The Mercedes House (Photos via Instrata, Ten Arquitectos)

A penthouse in Mercedes House, the 31-story luxury building that snakes across a block in Hell’s Kitchen, would set you back $8,000 per month — but the rent can’t go up much from there.

A lawsuit filed by a limited liability company, MH 770-54th Street, alleges that the tenants of PHE, a two-bedroom apartment at the luxury building, stopped paying rent last April, and now owe nearly $100,000. According to the lawsuit, they have a preferential rent of $8,000 per month, just below the unit’s legal, stabilized rent of $8,214.

Rent-regulated luxury units are an oddity. The aberration at Mercedes House, a project of Two Trees Development, is thanks to the 421a tax break.

The program gives developers property tax abatements for up to 25 years on new residential projects that set aside 25 to 30 percent of the units as affordable rentals. Developers can set their own initial rent for the market-rate units. But under the law that provides the tax break, affordable and market-rate units alike are rent-stabilized for as long as the abatement continues.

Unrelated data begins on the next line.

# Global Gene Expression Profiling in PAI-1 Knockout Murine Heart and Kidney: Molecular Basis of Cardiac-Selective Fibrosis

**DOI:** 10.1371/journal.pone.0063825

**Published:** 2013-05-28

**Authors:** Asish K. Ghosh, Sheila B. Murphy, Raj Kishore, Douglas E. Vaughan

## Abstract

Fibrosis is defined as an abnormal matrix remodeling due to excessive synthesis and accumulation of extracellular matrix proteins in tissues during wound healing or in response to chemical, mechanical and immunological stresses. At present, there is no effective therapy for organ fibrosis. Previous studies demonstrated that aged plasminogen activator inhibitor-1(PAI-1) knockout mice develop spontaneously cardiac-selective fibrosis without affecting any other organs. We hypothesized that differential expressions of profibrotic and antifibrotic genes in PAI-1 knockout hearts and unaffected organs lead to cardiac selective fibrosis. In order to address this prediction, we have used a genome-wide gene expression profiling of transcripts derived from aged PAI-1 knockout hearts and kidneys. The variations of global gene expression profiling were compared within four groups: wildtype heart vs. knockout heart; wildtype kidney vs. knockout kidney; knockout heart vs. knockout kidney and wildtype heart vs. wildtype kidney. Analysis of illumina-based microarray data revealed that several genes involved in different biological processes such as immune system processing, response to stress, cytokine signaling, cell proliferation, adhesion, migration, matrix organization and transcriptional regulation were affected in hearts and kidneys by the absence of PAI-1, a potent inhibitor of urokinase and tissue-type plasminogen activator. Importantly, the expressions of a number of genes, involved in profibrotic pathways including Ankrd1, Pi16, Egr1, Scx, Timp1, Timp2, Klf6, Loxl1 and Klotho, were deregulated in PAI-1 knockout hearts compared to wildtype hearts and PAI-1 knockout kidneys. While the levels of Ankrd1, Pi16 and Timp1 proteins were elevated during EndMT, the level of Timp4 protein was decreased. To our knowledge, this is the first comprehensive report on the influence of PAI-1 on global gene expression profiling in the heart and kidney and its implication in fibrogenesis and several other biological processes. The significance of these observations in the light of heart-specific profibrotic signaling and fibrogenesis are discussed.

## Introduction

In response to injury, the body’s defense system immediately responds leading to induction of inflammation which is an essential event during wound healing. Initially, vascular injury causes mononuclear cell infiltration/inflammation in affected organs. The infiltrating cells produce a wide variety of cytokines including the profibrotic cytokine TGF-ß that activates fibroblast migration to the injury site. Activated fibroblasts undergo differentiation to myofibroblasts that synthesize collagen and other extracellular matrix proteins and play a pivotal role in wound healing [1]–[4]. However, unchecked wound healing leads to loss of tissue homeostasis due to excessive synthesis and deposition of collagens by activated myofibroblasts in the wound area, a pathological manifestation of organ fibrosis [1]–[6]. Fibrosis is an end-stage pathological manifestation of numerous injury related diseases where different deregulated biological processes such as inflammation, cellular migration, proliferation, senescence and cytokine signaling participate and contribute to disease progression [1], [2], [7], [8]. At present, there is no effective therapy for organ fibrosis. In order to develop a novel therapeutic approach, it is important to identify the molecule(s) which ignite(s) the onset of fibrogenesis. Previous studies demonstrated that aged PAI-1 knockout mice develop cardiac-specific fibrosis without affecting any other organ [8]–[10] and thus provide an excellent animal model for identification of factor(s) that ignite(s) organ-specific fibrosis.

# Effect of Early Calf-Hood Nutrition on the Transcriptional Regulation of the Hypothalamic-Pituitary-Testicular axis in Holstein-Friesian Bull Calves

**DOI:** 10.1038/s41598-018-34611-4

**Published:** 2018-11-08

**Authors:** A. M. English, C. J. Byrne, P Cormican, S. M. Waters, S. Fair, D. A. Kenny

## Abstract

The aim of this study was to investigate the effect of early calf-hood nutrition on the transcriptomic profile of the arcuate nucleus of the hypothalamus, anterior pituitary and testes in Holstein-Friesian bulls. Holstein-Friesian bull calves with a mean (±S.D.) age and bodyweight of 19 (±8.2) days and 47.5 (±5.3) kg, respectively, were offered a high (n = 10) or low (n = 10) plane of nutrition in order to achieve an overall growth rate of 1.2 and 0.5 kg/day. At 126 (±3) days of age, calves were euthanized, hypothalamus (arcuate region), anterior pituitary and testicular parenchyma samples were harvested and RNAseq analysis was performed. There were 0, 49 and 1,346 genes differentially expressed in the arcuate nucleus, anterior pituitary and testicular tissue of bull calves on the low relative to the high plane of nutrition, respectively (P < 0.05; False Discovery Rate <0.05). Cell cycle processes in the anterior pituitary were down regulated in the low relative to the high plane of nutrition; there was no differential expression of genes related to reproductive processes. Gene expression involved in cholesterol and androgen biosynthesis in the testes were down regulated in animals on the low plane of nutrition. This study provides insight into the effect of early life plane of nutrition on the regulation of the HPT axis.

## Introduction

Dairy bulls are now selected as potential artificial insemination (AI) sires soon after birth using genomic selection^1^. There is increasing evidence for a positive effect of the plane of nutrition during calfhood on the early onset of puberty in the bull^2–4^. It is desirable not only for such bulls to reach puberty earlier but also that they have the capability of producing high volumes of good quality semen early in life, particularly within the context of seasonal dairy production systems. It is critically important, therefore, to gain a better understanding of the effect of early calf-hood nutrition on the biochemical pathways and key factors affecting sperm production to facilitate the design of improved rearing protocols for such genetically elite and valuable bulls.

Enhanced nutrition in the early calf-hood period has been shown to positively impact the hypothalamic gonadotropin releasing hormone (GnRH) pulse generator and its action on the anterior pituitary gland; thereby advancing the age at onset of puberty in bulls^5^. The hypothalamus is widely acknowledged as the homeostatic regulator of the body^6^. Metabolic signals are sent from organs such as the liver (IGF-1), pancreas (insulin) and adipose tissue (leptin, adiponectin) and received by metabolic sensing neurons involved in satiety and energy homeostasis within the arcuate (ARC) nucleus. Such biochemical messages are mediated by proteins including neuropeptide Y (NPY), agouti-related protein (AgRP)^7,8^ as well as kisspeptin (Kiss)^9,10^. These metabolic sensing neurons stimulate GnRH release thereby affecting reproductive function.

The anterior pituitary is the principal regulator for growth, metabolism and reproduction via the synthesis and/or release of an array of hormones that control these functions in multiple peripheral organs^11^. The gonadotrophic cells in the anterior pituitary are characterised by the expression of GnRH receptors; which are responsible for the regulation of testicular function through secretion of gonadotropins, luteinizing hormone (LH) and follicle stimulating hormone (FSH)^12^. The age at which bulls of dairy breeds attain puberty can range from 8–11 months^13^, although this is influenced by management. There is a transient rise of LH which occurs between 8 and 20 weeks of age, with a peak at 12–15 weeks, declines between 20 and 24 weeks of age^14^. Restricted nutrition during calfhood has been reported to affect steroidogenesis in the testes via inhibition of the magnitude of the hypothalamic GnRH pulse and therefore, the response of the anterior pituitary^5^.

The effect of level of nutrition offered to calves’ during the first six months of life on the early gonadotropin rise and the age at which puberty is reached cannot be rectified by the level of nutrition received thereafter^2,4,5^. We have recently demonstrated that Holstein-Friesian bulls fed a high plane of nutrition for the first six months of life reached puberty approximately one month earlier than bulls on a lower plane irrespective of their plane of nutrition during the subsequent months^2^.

The 421a program closed in 2019, extending a final round of benefits to properties that began construction before 2016. Mercedes House, which was built in 2009 and began leasing in 2011, got in under the wire. (A new version of the abatement, called Affordable New York, is now in effect.)

Mercedes House started receiving 10 years’ of benefits in 2014, according to the Department of Finance.

Thanks to another quirk of New York rent regulation, the price of the unit is unlikely to go much higher in the near term.

Before the 2019 rent law overhaul, apartments could be deregulated if their rent exceeded a certain threshold. In 2015, lawmakers set the limit at $2,700 a month, an amount that would increase with the Rent Guidelines Board’s annual hikes. If a unit asking more than that figure became vacant, it could be brought out of regulation. That also applied to units with tenants who earned more than $200,000 in consecutive years.

The 2019 law tossed out high-rent and high-income deregulation. But the rent board’s increase for one-year leases was zero last year and is typically 2 percent or less, meaning the tenants of Mercedes House apartment PHE will enjoy a few more years of regulated rents — at a luxury price.